A poem for feeling angry

The Collar

George Herbert

I struck the board, and cried, “No more;

I will abroad!

What? shall I ever sigh and pine?

My lines and life are free, free as the road,

Loose as the wind, as large as store.

Shall I be still in suit?

Have I no harvest but a thorn

To let me blood, and not restore

What I have lost with cordial fruit?

Sure there was wine

Before my sighs did dry it; there was corn

Before my tears did drown it.

Is the year only lost to me?

Have I no bays to crown it,

No flowers, no garlands gay? All blasted?

All wasted?

Not so, my heart; but there is fruit,

And thou hast hands.

Recover all thy sigh-blown age

On double pleasures: leave thy cold dispute

Of what is fit and not. Forsake thy cage,

Thy rope of sands,

Which petty thoughts have made, and made to thee

Good cable, to enforce and draw,

And be thy law,

While thou didst wink and wouldst not see.

Away! take heed;

I will abroad.

Call in thy death’s-head there; tie up thy fears;

He that forbears

To suit and serve his need

Deserves his load.”

But as I raved and grew more fierce and wild

At every word,

Methought I heard one calling, Child!

           And I replied My Lord.

Yes, I'm feeling angry. I'll maybe not go into all the details of that. Suffice to say that this poem always helps me in such situations. I am not a believer, but I do have inner resources that I can (try to) call upon, or listen to, to help me let go of anger.

I have again recorded a reading, which you can find here, and again I offer a brief analysis.

George Herbert was, like John Donne, a Metaphysical poet - so again, the language has the tone of real speech, despite a complex poetic structure. There's a wonderful, energetic and creative tension between the sound of speech and the constraints of structure which Herbert masterfully manages. He was also an Anglican priest, and the poem expresses the frustrations of faith, doubt, belief and service.

The title itself is very clever. If you imagine it spoken, it could be collar or choler. The latter means anger - choler was one of the four bodily humours of ancient and mediaeval physiology, the one specifically related to peevishness and anger. as for collar, of course, priests wear dog collars, as they are called - so one can see it as the badge of his office. But the sense of the dog collar is there too - a restraint and a control, limiting his freedom.

The opening line is excellent - we are thrown into the middle of the drama right away. It is forceful and rouses curiosity - what is this character railing against? We sense the frustration - sighing and pining - and then the poet asserts his freedom. Of course he can go, he's not in lockdown! Indeed, what holds him back is not a physical restraint, but the spiritual doctrines. And yet he continues with his angry diatribe, as is often the case in the internal to-ing and fro-ing when deciding on a major change of course. He bemoans his condition, the reasons he doesn't want to stay 'in suit' (in the priestly robes and in this formalised, constrained life).

'Have I no harvest but a thorn...' Here he asks himself what comes from the hard labour he's invested. He just bleeds and gets no nourishment from his faith.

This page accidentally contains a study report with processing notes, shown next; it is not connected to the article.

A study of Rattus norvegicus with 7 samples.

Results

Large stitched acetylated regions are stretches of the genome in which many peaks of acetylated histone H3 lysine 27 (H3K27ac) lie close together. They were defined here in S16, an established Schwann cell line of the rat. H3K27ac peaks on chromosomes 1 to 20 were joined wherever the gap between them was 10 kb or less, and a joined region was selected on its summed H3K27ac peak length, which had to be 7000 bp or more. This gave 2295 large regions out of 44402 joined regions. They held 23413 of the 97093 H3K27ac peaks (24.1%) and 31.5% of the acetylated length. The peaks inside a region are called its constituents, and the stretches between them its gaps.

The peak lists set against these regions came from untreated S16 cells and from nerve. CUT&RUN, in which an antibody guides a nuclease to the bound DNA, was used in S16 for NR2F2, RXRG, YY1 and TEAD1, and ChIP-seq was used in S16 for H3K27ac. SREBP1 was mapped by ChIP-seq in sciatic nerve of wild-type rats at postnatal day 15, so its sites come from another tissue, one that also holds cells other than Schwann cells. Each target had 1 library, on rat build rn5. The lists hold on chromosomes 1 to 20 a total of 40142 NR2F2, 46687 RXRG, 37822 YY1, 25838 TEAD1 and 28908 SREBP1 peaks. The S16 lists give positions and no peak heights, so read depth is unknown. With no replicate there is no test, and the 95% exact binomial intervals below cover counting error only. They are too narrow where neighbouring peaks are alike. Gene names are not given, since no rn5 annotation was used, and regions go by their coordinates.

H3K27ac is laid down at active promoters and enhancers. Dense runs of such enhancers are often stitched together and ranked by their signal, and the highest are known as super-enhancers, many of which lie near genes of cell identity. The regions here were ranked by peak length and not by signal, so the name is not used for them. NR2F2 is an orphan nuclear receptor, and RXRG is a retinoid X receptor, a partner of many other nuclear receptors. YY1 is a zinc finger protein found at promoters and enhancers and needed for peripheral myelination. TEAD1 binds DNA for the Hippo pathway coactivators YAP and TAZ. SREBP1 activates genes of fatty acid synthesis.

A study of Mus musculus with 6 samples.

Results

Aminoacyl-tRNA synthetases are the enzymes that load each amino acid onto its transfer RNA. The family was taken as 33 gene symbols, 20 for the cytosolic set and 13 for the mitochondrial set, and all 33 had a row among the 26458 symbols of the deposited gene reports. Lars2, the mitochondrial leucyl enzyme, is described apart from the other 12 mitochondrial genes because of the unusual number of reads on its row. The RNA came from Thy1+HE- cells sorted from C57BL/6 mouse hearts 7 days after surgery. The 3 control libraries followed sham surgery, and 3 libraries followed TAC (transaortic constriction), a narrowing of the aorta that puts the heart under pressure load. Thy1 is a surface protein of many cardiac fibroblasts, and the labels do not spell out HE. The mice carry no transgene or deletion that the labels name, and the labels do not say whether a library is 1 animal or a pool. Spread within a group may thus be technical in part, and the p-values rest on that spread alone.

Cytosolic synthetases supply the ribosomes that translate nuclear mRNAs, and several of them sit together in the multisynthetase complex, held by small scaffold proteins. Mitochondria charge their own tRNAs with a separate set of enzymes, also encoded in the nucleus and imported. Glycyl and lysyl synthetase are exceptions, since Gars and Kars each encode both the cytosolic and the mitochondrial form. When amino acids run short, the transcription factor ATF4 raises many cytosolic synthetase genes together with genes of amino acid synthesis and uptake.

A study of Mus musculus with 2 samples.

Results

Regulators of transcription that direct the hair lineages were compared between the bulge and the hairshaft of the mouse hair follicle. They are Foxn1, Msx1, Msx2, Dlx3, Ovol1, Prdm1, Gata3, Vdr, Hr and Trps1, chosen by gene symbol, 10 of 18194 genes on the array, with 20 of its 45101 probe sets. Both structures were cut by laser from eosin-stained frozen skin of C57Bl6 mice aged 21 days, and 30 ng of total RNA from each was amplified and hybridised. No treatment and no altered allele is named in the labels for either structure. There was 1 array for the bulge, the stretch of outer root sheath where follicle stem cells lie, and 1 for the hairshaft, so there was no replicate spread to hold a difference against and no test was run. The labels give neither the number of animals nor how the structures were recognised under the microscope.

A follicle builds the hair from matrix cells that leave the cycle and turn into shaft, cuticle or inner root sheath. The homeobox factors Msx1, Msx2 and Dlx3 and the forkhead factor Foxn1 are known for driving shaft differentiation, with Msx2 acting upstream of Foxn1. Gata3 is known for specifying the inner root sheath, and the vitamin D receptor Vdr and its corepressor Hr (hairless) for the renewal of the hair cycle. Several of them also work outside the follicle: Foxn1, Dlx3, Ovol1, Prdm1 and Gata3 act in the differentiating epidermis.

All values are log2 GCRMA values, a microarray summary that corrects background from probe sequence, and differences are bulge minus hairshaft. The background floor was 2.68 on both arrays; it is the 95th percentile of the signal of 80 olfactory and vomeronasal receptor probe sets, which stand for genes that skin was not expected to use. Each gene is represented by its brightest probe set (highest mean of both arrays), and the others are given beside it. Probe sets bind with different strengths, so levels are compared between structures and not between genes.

He admits there was wine and corn, but he has lost it in his grief. Religion was offering him comfort, but no longer - and there is a sense here of personal responsibility. Perhaps his own doubts have driven away the chance of succour.

There is self pity in the thought that he alone has missed out. Is he the only one whom God refuses to favour? This self-pity is reinforced by his complaint that he has no bays (honour), flowers (sensual delights) or garlands (social acclaim, perhaps).

'All blasted? / All wasted?' is wonderful - the repetition, the rhythm and use of the short line, the assonance, it's very powerful, banging home the sense of loss and resentment.

Now comes the turn - 'Not so, my heart; but there is fruit,' - as he argues that he can find pleasure by leaving the Church. Double pleasure, even, to make up for all that has been lost to him in service. He can stop moralising and judging, he can break out of the cage. Note the description of what holds him - a rope of sands - as he suggests that the Christian code he has lived by is just words, silly thoughts that he has made into a rigid law. He does not have to be bound by these beliefs. He can shake off the shackles. He can live a secular life, which seems here to offer such freedom and enjoyment in contrast to his ascetic existence as a priest.

Death's head is a memento mori - he is giving himself a reminder that man is not immortal, that one will die and thus should seek fulfillment in this life. He must forget his fears about eternal punishment. And the final three lines of his rant state that he is responsible for his own life - if he lets himself live this miserable existence, it is his own choice and his own fault.

But at this point, as his tantrum has raged into a whirlwind, he hears that still calm voice say 'Child!' And he has been heard. He is soothed by the realisation that he is not alone. The voice of God offers no condemnation or recrimination - there is connection and forgiveness, divine grace. There is love, and that is enough.


Your reading is excellent. Patrick Stewart is doing one-a-day sonnets lately online, but you are giving him a run for his money!